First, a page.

Healthcare organizations have already begun a transition away from volume-driven payments towards value-based payments, and it is predicted that many more will soon follow suit. In our last blog post, we proposed several key traits leaders will need if they are to effectively manage this volume to value transition: mission, vision, communication, motivation, and trust. These traits will become especially important given the numerous barriers to change these leaders will face.
Leaders embarking on the tall task of managing the volume to value transition need to be prepared for several roadblocks that will prevent change. These barriers include:
• Lack of accountability or managing care and cost of care
• Prevailing payment method is pay per unit of service
• Volume orientation of executives and physicians
• Psychological commitment to doing whatever is needed or wanted to care for patients, without regard for cost-effectiveness, efficacy, or quality of care
• High fixed costs—so hospitals need to keep beds filled and keep utilization of capital equipment high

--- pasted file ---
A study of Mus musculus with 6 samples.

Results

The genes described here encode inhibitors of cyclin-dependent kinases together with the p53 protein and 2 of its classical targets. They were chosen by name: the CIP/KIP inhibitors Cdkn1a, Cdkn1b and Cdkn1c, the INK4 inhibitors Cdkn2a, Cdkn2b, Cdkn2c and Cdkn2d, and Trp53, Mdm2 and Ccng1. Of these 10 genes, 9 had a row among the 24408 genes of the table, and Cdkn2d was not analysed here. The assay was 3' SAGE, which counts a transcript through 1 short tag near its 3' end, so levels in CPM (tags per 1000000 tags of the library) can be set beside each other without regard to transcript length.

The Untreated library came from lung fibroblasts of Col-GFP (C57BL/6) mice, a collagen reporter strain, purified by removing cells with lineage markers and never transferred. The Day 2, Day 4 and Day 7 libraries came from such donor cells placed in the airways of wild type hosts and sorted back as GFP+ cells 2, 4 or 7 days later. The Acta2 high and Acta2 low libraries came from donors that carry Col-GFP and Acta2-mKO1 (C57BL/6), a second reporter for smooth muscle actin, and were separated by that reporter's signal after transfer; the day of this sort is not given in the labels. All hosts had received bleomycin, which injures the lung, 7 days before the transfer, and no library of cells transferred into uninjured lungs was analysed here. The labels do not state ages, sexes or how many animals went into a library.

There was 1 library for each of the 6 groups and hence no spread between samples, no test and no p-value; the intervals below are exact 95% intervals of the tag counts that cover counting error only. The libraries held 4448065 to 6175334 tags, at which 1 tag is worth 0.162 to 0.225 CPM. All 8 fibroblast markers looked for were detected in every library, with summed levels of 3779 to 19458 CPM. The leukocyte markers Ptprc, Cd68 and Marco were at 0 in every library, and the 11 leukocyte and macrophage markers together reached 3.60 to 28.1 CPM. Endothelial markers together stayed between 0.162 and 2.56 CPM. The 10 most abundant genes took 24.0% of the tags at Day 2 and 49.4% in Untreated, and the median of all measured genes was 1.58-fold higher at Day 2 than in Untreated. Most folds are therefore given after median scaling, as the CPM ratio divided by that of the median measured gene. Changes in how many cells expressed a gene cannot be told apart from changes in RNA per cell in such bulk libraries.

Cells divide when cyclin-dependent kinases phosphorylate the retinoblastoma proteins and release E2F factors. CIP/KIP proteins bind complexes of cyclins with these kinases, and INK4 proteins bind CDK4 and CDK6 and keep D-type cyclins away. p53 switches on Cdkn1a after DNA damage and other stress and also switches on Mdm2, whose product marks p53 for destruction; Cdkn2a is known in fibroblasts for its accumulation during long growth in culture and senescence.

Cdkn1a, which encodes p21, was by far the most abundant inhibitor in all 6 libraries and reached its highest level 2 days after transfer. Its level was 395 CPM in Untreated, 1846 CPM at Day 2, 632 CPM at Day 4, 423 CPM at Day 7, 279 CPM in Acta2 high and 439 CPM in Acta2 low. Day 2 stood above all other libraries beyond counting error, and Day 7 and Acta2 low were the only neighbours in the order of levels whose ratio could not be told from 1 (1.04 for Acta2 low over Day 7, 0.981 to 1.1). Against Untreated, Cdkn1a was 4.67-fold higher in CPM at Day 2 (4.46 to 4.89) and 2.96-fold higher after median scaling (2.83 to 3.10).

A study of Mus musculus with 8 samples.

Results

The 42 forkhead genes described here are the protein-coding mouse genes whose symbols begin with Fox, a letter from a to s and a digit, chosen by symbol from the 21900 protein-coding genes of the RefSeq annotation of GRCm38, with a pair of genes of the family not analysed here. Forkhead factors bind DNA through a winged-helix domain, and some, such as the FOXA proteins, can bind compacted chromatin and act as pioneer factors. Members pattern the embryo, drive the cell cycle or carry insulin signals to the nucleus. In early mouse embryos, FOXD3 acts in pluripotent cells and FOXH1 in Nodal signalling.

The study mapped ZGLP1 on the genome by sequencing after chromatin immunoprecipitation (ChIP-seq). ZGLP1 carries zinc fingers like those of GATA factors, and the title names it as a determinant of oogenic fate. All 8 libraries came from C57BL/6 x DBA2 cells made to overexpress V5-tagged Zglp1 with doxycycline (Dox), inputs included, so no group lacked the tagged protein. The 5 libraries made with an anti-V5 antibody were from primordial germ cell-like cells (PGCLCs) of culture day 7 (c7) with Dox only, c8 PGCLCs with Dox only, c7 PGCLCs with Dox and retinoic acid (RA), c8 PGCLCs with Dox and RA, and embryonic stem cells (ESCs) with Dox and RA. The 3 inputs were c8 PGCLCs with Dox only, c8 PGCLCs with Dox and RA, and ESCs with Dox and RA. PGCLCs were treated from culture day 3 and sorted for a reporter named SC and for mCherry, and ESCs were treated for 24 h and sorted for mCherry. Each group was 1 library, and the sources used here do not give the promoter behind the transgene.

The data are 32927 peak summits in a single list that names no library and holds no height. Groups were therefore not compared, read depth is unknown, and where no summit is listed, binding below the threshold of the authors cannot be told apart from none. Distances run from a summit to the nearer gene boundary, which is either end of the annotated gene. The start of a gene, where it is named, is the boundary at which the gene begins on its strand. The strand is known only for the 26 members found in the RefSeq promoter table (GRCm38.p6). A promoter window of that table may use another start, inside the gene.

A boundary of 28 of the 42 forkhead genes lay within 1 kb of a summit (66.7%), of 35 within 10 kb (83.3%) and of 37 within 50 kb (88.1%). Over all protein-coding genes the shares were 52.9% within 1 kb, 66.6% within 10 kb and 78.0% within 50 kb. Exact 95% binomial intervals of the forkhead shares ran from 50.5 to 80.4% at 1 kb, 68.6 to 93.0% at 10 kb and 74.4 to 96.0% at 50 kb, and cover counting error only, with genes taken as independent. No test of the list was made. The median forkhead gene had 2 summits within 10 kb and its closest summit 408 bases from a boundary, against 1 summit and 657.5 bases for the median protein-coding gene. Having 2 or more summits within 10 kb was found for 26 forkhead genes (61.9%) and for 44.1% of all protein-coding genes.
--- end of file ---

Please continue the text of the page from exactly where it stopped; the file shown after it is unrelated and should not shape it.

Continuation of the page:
• Inadequate data and systems
• No incentives for managing, maintaining, or improving patients’ health
• Little coordination of care
While substantial, these barriers are merely one piece of the puzzle, representing the initial challenges that will prevent many organizations from beginning to make this critical transition. Once an organization has actually agreed to shift towards more value-based payments, however, leaders will face new challenges.
In our next blog post (and the last in this series), we will discuss some of those challenges and how leaders can tackle them efficiently.
For more insights about this trend that you can present to your organization—or even just read on your own time—download the full presentation for free.